What’s Top-of-Mind for Wellness Consumers?

Extra
Just 36% of women believe they’re dealing well with their mental health, versus 70% of men

American publisher Hearst recently revealed the findings of its study on US attitudes to health and wellness (conducted in January and updated in April) in a webinar featuring several executives from its lifestyle magazines. We highlight three key takeaways.

  • Millennial Women Most Proactive Mental Health Managers: Hearst found mental health is now US consumers’ top wellness priority (followed by sleep and fitness). But there’s a wide generation gap, with mental health important to 70% of 18- to 38-year-olds, versus 52% of those aged 55 to 74. Hearst reports millennial women are much more likely than others to make concerted efforts to improve their mental health. 
    When it comes to confidence in mental health management, there’s also a sizable gender gap – particularly among Gen Z, where just 36% of women believe they’re dealing well with their mental health, versus 70% of men. Brands have an opportunity here to connect young women with mental health resources and buoy their self-belief.
    Rich Dorment, editor in chief of Men’s Health, said the magazine prefers terms like ‘anger’ and ‘frustration’ over ‘anxiety’ and ‘stress’ to better connect with its male readers on emotional health topics. For Prevention magazine, content director Sarah Smith said meditation sessions hosted on Facebook Live during Covid-19 lockdowns have proved successful, since “readers are looking for calm and clarity”.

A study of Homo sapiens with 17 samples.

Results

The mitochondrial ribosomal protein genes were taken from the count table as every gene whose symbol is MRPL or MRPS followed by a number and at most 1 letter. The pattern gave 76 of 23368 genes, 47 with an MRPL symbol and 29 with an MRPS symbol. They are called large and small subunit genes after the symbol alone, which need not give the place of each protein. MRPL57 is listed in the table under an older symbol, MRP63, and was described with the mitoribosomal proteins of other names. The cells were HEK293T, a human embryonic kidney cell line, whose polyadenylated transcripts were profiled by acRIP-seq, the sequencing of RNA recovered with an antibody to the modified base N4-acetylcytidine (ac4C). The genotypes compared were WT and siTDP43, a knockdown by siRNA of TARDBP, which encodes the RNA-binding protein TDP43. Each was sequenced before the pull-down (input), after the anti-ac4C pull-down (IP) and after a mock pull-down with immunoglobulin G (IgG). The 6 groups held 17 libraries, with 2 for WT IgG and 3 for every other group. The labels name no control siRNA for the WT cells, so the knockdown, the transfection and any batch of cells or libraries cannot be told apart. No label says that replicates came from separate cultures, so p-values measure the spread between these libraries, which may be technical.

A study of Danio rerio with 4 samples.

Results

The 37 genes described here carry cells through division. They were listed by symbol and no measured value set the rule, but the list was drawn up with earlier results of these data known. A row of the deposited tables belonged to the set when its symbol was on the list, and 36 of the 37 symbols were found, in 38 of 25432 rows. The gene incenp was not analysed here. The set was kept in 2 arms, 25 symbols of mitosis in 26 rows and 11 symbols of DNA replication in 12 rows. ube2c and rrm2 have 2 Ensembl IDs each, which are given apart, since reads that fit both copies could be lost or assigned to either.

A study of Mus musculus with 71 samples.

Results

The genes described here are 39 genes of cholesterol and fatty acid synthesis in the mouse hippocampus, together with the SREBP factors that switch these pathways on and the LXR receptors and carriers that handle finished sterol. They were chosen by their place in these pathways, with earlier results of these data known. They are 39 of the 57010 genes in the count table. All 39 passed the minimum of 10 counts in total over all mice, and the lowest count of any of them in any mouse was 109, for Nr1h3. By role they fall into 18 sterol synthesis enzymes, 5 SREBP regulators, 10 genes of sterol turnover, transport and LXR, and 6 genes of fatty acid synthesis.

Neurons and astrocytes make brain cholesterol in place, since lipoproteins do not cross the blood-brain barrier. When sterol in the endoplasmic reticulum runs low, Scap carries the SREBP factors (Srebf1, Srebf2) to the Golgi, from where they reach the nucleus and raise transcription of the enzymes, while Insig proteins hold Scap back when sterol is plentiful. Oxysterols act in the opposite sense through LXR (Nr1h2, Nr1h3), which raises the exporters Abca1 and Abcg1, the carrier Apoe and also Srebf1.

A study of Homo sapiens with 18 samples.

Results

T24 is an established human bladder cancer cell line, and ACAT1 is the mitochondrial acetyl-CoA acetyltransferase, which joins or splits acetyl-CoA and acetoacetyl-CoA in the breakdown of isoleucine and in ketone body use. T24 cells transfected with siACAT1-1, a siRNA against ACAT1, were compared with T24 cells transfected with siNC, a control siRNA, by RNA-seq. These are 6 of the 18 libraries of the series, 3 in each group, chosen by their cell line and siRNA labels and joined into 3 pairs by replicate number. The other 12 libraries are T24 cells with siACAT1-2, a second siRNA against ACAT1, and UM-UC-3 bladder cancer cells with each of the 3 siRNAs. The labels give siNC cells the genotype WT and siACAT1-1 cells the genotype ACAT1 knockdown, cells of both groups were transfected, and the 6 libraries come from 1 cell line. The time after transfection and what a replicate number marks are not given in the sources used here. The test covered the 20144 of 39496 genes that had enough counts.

• Social Connection a Wellness Imperative:US consumers’ top 12 health and wellness priorities remained the same both pre- and post-pandemic, with one exception: ‘social connection’ slid onto the list (while ‘sexual health’ dropped down). 

    As noted in Leisure & Wellness in Lockdown, brands that foster connection and camaraderie can secure loyalty during social distancing and beyond. To that end, O, The Oprah Magazine is leveraging Instagram Live as a platform where Oprah Winfrey and other familiar faces can share uplifting words, said OprahMag.com’s digital director Arianna Davis. Post-pandemic, “that’s something we want to continue doing: remind [readers] they are part of a bigger community”.

  • Sleep Is a Universal Quest: A majority in every generation except millennials (at 47%) said they need help getting more sleep, while 68% of those aged 18 to 38 are now more willing to try sleep medications than they were just a few years ago. This suggests wide potential for effective prescription-drug alternatives, as outlined in The Future of Vitamins & Supplements.  

    Interest in sleepwear is surging. Davis said O magazine has tracked a big uptick in pyjama-buying among its online readers – in the US, pyjama sales jumped 143% month-on-month in April (Adobe Analytics, 2020). Also popular, said Davis, are ‘cosy’ products conducive to winding down, like comfortable bras, loungewear and bathrobes. See The Homewear OpportunityThe Sleepwear Focus and The Quest for Rest for more.